THE United States, Britain, and France ordered troops into northern Iraq to set up temporary safety zones for hundreds of thousands of Kurds stranded for weeks in primitive mountain refuges. Iraq denounced the unprecedented operation as unwarranted interference in its internal affairs.
United States President Bush said the agony of Kurdish refugees along the Turkish and Iranian borders had forced him to rescind his previous refusal to get more directly involved in Iraq in the aftermath of the Gulf war.
The West's failure to give further help to Iraqis who rose up against Iraqi leader Saddam Hussein has been heavily criticized, and Mr. Bush was under pressure to back a plan to establish safe havens for the refugees.
Bush said late Tuesday that the plight of hundreds of thousands of Kurds who fled to the rugged mountains along the Iraqi-Turkish border, after Iraqi troops crushed their rebellion, forced him to expand humanitarian relief efforts.
The mountainous terrain has severely hampered relief efforts, forcing the US to establish safe havens in Iraq to speed rescue efforts - a position urged by British Prime Minister John Major, but not previously embraced by Washington.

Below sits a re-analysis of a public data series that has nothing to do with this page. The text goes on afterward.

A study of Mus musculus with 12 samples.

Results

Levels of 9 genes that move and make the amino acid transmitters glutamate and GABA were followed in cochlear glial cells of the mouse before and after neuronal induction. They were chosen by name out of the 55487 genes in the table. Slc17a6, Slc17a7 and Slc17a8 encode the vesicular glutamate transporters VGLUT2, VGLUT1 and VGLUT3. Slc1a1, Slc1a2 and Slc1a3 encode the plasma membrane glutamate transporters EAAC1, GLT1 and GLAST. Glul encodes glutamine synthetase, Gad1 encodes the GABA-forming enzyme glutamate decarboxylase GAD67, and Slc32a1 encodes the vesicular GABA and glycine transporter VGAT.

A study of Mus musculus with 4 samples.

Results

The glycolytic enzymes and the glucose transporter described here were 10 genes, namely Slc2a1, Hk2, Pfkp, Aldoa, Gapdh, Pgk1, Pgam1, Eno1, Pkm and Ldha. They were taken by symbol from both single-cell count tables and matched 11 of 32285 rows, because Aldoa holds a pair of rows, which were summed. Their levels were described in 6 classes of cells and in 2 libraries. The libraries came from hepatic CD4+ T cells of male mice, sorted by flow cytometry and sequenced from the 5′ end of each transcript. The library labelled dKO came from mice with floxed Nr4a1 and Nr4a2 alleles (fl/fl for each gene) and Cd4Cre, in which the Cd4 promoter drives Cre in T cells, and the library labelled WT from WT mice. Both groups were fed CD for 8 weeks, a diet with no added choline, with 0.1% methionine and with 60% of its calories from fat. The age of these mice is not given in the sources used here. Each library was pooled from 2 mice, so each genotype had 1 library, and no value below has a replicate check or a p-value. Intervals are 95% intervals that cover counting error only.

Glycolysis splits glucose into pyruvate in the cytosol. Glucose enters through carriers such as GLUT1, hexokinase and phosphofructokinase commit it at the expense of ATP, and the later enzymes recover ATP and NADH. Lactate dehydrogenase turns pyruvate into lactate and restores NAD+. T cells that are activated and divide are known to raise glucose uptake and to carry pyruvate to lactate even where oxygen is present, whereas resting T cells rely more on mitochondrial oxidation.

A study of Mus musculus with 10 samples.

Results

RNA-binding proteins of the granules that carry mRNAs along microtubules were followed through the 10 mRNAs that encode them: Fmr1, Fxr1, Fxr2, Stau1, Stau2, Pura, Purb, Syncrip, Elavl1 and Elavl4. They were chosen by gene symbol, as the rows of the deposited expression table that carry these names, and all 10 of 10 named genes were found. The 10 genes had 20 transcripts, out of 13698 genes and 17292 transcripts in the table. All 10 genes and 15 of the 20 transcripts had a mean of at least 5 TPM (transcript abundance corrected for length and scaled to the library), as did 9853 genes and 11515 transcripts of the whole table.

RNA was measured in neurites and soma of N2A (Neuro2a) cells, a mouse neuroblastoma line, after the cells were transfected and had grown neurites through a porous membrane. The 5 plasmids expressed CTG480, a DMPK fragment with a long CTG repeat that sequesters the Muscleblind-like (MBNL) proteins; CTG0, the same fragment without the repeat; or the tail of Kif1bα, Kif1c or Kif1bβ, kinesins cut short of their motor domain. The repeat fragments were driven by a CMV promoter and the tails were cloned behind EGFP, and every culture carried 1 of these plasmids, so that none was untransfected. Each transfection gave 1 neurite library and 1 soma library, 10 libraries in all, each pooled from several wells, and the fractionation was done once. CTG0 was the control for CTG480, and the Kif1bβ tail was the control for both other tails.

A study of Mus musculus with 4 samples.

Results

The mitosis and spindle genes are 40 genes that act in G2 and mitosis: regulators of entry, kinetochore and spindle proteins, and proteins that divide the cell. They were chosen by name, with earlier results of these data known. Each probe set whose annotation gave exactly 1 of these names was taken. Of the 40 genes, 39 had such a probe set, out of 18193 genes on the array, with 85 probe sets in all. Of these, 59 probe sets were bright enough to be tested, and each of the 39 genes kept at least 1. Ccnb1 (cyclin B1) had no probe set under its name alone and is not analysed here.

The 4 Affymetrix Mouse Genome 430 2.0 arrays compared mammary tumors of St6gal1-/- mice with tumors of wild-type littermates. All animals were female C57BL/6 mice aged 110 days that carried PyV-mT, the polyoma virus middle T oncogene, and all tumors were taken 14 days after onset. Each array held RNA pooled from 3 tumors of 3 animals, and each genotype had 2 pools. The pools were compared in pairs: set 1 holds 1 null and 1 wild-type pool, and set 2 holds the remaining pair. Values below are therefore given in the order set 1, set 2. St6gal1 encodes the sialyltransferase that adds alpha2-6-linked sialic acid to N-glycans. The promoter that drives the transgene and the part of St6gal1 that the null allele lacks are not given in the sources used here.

Bush refused to say what would happen if Iraq attacked the camps, but bluntly warned: "They should not respond militarily. They've underestimated the United States once before ... and they shouldn't do it again. And I don't think they will."
"I have directed the US military to begin immediately to establish several encampments in northern Iraq where relief supplies will be made available in large quantities and distributed in an orderly way," he told a news conference.
He stressed that the US action was limited and that the US would not be drawn into Iraq's civil war.
"All along I have said that the United States is not going to intervene militarily in Iraq's internal affairs and risk being drawn into a Vietnam-style quagmire," said Bush.
"This remains the case. Nor will we become an occupying power with US troops patrolling the streets of Baghdad."
Bush said there was no intention of creating a Kurdish state, stressing that the US goal was not to fracture Iraq into separate states but to seek reconciliation among Iraq's warring parties.